Most business owners probably have at least a vague idea of what should happen to their business after they let it go or after they're gone. But an idea that you don't detail in writing isn't likely to help you or your heirs in matters of business succession.

In coming up with a good succession plan, the first thing to do is to clarify what your goals are. Maybe you'd like for your second-eldest child and not the eldest to inherit the business, or maybe you want to sell company shares to a select few employees or to partners. Or maybe a sale on the open market is the best option. In any case, it is a good idea to have on your side a business succession attorney with experience in comprehensive estate planning.

If you intend to pass the business on to your family's next generation, then you may want to sell or give away parts of the business over time. Or maybe your preference is to have your heirs inherit the assets after you die. With each of these options, it is important to account for the tax implications. In 2015, the federal estate tax kicks in for estates valued at more than $5.4 million, though there are ways of limiting your family's tax burden through careful planning.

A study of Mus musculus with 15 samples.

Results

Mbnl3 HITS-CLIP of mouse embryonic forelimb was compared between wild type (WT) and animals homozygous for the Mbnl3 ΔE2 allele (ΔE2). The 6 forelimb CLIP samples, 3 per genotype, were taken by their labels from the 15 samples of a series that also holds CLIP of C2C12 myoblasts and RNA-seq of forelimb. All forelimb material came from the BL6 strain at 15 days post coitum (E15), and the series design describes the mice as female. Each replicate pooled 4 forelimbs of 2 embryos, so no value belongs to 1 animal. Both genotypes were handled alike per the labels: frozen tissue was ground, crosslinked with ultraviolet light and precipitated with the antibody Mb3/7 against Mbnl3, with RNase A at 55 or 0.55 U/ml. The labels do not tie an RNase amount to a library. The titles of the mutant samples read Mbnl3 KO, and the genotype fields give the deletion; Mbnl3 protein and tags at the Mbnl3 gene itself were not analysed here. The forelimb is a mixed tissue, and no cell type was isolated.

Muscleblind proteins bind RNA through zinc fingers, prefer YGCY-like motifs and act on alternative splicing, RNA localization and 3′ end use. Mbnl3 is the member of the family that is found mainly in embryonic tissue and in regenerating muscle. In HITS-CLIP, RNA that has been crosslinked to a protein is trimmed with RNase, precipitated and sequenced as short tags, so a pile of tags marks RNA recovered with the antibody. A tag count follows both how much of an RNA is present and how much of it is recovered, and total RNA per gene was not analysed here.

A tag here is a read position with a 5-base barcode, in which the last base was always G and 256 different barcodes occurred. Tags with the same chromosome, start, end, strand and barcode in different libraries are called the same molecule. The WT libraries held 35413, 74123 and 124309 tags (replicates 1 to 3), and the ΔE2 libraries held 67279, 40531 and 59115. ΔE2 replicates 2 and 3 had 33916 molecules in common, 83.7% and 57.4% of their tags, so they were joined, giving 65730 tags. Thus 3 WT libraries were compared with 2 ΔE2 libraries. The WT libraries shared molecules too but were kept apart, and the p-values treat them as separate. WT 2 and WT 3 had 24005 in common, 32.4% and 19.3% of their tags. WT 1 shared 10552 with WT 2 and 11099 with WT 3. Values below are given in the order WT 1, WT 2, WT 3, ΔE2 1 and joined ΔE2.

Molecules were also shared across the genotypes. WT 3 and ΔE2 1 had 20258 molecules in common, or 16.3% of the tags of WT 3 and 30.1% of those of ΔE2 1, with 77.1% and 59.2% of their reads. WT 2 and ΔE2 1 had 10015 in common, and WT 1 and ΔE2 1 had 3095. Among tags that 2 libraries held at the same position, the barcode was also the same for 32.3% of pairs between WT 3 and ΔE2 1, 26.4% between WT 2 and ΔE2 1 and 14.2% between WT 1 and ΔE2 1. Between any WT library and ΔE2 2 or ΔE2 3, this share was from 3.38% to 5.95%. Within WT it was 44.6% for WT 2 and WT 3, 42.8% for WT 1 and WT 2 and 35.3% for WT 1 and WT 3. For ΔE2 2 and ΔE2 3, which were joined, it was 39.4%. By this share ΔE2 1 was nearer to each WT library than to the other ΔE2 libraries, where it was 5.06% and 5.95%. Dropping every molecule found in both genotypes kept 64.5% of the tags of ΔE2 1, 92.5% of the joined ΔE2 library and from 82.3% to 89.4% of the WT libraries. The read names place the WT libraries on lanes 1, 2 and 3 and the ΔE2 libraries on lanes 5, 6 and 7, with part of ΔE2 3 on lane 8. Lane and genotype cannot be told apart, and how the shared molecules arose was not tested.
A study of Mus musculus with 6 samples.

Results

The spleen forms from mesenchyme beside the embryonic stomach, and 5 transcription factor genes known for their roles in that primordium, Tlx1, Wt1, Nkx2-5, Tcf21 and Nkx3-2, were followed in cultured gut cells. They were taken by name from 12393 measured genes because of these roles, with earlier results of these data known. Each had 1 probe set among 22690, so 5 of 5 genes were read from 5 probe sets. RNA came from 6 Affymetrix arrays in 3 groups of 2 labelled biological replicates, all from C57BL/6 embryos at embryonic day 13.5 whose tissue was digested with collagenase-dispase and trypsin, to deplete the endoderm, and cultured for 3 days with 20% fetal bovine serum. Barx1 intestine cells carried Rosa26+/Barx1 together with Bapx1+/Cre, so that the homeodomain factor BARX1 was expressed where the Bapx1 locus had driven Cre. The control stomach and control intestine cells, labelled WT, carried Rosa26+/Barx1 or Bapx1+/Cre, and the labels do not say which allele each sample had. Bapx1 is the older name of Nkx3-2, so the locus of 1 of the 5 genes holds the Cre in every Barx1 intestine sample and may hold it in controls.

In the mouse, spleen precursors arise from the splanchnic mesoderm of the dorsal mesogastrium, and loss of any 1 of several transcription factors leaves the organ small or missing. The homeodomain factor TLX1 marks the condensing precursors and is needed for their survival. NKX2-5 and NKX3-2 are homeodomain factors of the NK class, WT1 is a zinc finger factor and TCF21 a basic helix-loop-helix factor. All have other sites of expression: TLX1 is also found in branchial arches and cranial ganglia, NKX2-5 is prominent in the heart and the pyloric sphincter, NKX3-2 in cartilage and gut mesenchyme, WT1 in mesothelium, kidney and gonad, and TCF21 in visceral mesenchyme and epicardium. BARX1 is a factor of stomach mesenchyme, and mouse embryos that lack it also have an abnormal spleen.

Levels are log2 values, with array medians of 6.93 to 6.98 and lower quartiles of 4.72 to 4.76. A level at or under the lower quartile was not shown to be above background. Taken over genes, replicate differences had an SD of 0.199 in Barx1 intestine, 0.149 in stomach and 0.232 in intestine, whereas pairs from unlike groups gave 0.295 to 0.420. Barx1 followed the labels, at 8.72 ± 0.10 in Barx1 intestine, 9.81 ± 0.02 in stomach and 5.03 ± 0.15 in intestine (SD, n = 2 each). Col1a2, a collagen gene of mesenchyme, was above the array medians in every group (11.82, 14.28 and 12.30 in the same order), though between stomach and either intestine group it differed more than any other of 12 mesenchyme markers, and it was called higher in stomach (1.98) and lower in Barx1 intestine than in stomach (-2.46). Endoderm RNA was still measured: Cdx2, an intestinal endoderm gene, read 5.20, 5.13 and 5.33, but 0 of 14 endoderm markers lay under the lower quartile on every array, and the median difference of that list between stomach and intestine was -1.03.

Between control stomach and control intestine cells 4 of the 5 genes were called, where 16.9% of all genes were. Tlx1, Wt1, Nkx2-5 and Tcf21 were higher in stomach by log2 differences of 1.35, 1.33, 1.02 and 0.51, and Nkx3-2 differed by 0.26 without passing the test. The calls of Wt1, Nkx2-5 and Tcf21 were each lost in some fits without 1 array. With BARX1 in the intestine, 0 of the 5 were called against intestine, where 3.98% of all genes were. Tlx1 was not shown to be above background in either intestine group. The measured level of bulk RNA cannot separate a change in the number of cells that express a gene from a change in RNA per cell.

As with any major estate planning decision, your family's specific dynamics will have to be considered. If there are special circumstances -- for example, one child's education makes him or her particularly suited to carry the business into the future -- then you'll want to be aware of your options for achieving an equitable, and not necessarily equal, transfer of estate assets.

The estate planning and probate lawyers of Landrum & Shouse work with clients in Lexington and throughout Kentucky to create comprehensive estate plans, including business succession strategies.